What Is a Leasehold?
Leasehold is an accounting term for an asset being leased. The asset is typically property such as a building or space in a building. The lessee contracts with the lessor for the right to use the property in exchange for a series of scheduled payments over the term of the lease. Renting space in an office building for a company's use or renting a building to be used for a retail store are two examples of a commercial leasehold arrangement.
- A leasehold is an accounting term that refers to an asset or property that a lessee (tenant) contracts to rent from a lessor (property owner) for an agreed-upon time in exchange for scheduled payments.
- Owners of retail stores often use leasehold arrangements for their businesses rather than constructing their own buildings.
- The leasehold contract for commercial properties can be complex agreements that stipulate such things as the payment structure, breach of contract clauses, and leasehold improvement clauses.
- The contract will stipulate which party is responsible for making leasehold improvements, which might include such things as building walls and partitions, adding lighting fixtures, or constructing shelves.
A leasehold contract will stipulate the terms of the agreement between the lessee (tenant) and the lessor (property owner or landlord). The contracts for commercial properties—such as space in an office building—are generally complex agreements that stipulate landlord responsibilities, tenant responsibilities, security deposits, breach of contract clauses, and leasehold improvement clauses. Larger tenants may be able to request more favorable terms in exchange for leasing more space for a longer time. Leases for commercial properties typically run from one to 10 years.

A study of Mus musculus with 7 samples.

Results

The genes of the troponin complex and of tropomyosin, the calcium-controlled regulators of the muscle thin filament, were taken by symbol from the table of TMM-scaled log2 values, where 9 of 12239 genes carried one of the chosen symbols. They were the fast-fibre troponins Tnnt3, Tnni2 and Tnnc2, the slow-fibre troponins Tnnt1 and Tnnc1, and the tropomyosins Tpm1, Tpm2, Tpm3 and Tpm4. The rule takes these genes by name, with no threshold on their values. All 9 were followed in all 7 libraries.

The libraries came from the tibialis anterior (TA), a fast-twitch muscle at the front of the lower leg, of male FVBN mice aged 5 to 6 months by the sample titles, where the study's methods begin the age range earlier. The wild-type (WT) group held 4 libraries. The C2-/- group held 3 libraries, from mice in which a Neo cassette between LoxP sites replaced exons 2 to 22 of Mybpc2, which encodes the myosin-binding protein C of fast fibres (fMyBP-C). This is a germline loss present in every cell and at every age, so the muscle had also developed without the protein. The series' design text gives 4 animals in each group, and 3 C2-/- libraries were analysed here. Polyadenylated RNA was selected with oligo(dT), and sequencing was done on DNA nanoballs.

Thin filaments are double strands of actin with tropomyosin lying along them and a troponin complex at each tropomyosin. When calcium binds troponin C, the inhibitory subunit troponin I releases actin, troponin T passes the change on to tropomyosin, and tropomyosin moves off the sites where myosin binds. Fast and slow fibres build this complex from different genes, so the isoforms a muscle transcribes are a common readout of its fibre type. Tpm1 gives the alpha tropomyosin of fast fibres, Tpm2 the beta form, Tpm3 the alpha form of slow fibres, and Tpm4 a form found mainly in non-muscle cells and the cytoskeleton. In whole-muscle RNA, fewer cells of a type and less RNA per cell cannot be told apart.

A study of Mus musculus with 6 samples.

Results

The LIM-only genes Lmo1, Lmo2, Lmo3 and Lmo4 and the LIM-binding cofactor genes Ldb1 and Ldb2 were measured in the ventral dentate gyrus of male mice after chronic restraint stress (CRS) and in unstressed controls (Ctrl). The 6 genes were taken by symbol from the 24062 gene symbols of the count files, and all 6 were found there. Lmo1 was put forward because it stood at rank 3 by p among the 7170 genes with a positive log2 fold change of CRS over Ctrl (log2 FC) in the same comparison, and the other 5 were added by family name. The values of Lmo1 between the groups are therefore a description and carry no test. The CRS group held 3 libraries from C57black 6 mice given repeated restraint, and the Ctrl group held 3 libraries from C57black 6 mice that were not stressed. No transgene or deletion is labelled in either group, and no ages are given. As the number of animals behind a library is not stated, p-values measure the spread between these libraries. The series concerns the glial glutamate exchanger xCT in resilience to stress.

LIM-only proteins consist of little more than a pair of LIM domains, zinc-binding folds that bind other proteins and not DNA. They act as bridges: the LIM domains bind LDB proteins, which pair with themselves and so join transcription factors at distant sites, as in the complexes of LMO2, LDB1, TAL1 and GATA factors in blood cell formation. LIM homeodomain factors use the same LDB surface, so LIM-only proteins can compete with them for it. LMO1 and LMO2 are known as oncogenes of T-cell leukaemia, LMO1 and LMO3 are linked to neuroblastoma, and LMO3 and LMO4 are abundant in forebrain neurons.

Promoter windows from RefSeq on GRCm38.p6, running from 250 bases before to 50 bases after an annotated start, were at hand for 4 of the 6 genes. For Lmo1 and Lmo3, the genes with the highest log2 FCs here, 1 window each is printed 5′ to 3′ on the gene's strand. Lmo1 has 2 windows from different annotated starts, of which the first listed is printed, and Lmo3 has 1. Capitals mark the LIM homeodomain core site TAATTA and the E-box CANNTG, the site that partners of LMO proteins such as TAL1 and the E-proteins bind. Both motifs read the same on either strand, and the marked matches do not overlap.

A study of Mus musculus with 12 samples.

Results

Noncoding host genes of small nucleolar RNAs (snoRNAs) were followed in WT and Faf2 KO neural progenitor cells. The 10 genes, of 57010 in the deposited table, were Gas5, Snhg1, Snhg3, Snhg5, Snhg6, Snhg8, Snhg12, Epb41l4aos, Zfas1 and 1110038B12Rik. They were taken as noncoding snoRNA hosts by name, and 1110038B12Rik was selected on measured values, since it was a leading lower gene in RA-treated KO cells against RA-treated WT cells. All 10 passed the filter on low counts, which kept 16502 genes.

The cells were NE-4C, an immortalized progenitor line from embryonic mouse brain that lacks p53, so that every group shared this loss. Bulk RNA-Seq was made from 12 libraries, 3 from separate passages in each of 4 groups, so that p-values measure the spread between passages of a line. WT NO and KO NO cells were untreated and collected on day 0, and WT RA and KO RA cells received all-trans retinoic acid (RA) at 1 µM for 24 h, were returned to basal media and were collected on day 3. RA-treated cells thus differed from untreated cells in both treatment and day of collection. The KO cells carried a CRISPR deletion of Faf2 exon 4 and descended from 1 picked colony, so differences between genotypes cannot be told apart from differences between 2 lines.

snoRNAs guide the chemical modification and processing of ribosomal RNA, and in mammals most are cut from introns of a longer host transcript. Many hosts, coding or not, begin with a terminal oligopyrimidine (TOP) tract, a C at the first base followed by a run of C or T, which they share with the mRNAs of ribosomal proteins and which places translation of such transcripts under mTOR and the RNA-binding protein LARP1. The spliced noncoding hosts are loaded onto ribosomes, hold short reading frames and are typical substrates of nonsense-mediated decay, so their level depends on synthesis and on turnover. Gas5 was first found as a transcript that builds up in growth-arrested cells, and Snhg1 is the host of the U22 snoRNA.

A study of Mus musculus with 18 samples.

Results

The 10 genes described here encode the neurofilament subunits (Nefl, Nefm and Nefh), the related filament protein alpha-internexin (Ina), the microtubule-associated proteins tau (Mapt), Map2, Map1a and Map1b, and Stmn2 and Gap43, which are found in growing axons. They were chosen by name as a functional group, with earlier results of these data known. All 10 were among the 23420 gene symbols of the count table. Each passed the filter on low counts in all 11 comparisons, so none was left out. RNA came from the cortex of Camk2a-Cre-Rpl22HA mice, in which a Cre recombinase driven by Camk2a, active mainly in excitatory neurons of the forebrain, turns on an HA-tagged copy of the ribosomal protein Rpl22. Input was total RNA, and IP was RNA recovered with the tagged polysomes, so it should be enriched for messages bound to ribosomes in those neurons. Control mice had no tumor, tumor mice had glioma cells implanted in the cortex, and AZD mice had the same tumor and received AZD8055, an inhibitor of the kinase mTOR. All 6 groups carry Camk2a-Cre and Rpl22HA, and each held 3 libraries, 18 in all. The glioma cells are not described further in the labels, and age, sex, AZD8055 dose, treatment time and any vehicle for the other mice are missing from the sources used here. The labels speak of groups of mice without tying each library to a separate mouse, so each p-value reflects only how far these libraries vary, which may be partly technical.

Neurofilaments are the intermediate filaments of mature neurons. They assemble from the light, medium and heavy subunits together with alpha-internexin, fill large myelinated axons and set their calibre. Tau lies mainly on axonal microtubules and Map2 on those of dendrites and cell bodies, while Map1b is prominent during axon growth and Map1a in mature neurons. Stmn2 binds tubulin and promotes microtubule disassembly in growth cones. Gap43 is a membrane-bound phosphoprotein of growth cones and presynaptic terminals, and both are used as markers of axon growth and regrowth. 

After a lease agreement has been finalized, the lessee, or tenant, begins to build out the space for its purposes to the extent allowed by the contract. Work on walls, ceilings, floor space, lighting fixtures, additional plumbing fixtures, shelving, and cabinets represent leasehold improvements that are recorded as fixed assets on a company's balance sheet.
Depending on the contract, leasehold improvements might be paid for by the tenant, the landlord, or a combination of both. Some landlords may agree to pay for leasehold improvements in order to entice a new tenant to sign a lease. However, when demand is high for a building or office space, the landlord may not be willing to incur the additional expense for leasehold improvements. Leasehold improvements that are permanently affixed to the building often remain the property of the landlord even after the lease ends.
Leasehold improvements are made to the interior of a building; modifications made to the exterior of a building are not considered leasehold improvements.
Example of a Leasehold
Leaseholds are most common for brick-and-mortar retailers. Best Buy Co., Inc. is an example. The company leases a majority of its buildings and makes leasehold improvements that suit its standardized interior functional and aesthetic design. Most of the company's leases contain renewal options and escalation clauses, as well as contingent rents based on specified percentages of revenue, which is a common clause in lease agreements for retailers.
Rent expense is recognized on a straight-line basis to the end of the initial lease term, and any difference between straight-line expense amounts and rent payable is booked as deferred rent. For some retailers, leasehold improvements are a significant portion of gross property and equipment expenses.